With apologies to a certain delightful movie from yesteryear, “The Drones Are Coming! The Drones Are Coming!” Well, yes they are. And no they’re not. No matter how you shake out flying drone deliveries, it’s a gimmick that will not make it to prime time. Except news.
Amazon just launched their first Amazon Prime Air delivery by drone. In the U.K. Not in the U.S. There’s a good reason for that. No guns in the U.K. and different regulations than in the U.S. where drones must, for now, remain within sight of the controller. What’s cool about Amazon’s first drone deliver is that it was fully autonomous. It took just 13 minutes to deliver the package from end to end.
Amazon set up a drone delivery operation near an Amazon facility in the U.K. Sounds interesting, no? What’s more interesting are all the caveats that exist now and those that will exist should a trial ever expand to the U.S.
First, deliveries can only be made during daylight hours, on days with little wind, only when there is good visibility, and the drones must fly under 400 feet, and they can only handle packages up to five pounds.
Amazon sells plenty of gadgets that weigh less than that, so why doesn’t Apple get itself into the drone delivery business? After all, every major Mall in the good old U.S. of A. has an Apple Store, which seemingly would make for a good drone launching platform.
Drive around the Mail to the Apple Store’s backdoor and you could see drones flying away, one after the other to deliver iPhones, iPads, Watch, and even new MacBooks, not to mention accessories, gift cards, Watch bands, and, who knows; maybe even drones as gifts.
Drone delivery is a gimmick; wonderful for press releases, great for YouTube videos that show how advanced Amazon’s technology is, but don’t count on Apple having drones take off and land from the nearest Mall. It won’t happen.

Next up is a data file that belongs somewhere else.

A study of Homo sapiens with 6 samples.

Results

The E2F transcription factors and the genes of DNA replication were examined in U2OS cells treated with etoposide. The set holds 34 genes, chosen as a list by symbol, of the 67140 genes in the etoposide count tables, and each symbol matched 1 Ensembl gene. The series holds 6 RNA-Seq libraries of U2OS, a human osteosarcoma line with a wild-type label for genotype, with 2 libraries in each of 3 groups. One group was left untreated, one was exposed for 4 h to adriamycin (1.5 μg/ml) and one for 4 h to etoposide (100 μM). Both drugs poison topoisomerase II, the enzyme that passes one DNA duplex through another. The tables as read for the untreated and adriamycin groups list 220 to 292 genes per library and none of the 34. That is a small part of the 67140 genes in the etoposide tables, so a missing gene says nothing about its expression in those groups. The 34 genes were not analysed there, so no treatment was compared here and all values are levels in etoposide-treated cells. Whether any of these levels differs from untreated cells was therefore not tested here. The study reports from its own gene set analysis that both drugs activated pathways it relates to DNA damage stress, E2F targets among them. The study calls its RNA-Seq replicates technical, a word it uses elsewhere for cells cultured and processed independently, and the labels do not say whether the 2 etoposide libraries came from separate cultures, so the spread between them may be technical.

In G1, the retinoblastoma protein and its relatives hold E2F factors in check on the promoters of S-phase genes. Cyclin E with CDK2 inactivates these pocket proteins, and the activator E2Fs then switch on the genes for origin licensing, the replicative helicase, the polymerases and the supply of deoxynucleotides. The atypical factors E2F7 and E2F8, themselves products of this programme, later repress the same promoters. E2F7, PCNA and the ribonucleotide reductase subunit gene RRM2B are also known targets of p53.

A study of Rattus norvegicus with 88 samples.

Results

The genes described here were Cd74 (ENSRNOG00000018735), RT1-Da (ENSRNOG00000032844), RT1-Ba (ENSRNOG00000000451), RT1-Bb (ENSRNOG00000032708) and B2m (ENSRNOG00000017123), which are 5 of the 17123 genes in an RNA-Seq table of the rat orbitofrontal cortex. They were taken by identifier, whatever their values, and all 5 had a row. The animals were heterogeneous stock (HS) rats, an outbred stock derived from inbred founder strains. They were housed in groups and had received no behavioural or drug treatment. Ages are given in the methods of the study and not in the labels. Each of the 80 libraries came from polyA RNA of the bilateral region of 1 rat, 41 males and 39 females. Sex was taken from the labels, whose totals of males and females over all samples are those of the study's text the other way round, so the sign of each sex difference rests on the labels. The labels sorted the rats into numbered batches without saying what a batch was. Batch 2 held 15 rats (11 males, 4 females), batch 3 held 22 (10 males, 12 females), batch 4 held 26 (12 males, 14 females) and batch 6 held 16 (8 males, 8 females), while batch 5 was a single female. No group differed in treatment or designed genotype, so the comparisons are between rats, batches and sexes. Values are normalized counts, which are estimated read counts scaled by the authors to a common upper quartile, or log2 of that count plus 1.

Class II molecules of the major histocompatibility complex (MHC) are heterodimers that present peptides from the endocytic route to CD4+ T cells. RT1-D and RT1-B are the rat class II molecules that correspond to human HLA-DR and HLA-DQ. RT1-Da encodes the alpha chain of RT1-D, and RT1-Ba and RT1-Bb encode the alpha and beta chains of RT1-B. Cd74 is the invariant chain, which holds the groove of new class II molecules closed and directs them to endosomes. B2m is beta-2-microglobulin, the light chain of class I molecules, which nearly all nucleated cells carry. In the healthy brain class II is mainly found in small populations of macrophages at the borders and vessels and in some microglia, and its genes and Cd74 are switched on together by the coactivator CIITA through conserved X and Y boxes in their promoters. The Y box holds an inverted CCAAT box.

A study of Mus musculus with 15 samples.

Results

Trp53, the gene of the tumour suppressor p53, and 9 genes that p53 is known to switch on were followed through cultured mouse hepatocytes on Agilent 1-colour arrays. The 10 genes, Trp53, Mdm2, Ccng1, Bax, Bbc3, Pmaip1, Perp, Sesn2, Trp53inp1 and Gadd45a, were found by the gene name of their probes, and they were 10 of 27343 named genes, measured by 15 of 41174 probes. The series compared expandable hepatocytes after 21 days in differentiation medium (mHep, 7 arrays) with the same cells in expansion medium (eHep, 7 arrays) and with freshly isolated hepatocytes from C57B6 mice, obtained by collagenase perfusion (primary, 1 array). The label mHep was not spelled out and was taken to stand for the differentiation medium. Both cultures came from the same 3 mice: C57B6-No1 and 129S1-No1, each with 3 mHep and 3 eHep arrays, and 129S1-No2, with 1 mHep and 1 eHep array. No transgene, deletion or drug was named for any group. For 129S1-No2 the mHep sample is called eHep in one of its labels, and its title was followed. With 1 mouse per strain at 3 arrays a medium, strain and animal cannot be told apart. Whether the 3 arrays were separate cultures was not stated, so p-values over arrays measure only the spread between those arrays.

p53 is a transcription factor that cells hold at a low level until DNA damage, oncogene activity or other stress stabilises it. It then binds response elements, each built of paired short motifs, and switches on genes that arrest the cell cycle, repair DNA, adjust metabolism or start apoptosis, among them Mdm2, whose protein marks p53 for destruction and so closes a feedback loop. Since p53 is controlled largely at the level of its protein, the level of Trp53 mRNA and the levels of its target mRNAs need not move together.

Changing weather conditions alone should tell you this is a really, really dumb idea that is far more gimmick than future. Looks cool. Can be done. Drone deliveries won’t happen for the masses. Birds attack drones. Other drones attack drones. Americans love our 2nd amendment rights and one of them is the option to shoot down drones that fly over or near our homes with the obvious intent of spying on us (you can’t read that Amazon logo 400 feet away).
Apple won’t do drone deliveries because Apple is a smart company and knows the customer experience is paramount. Standing on the front porch in the blistering sun or winter weather and waiting for an Amazon delivery that does not make it to the front door is not what Apple’s customers expect or will tolerate.
Sure, there will be laws against attacking drones but that won’t stop people from using drones to attack the delivery in-flight, and carrying off as prey an iPhone or MacBook while the blip falls off the radar. Even if a delivery drone makes it to the house and survives attacks by birds who don’t like the flying competition, neighborhood dogs and cats and even kids will take great joy bringing the flying beast to a stop and dragging it into the brush.
If these flying beasts of burden make it to suburban Atlanta, color me wrong and put some egg on my face. Pigs will fly first.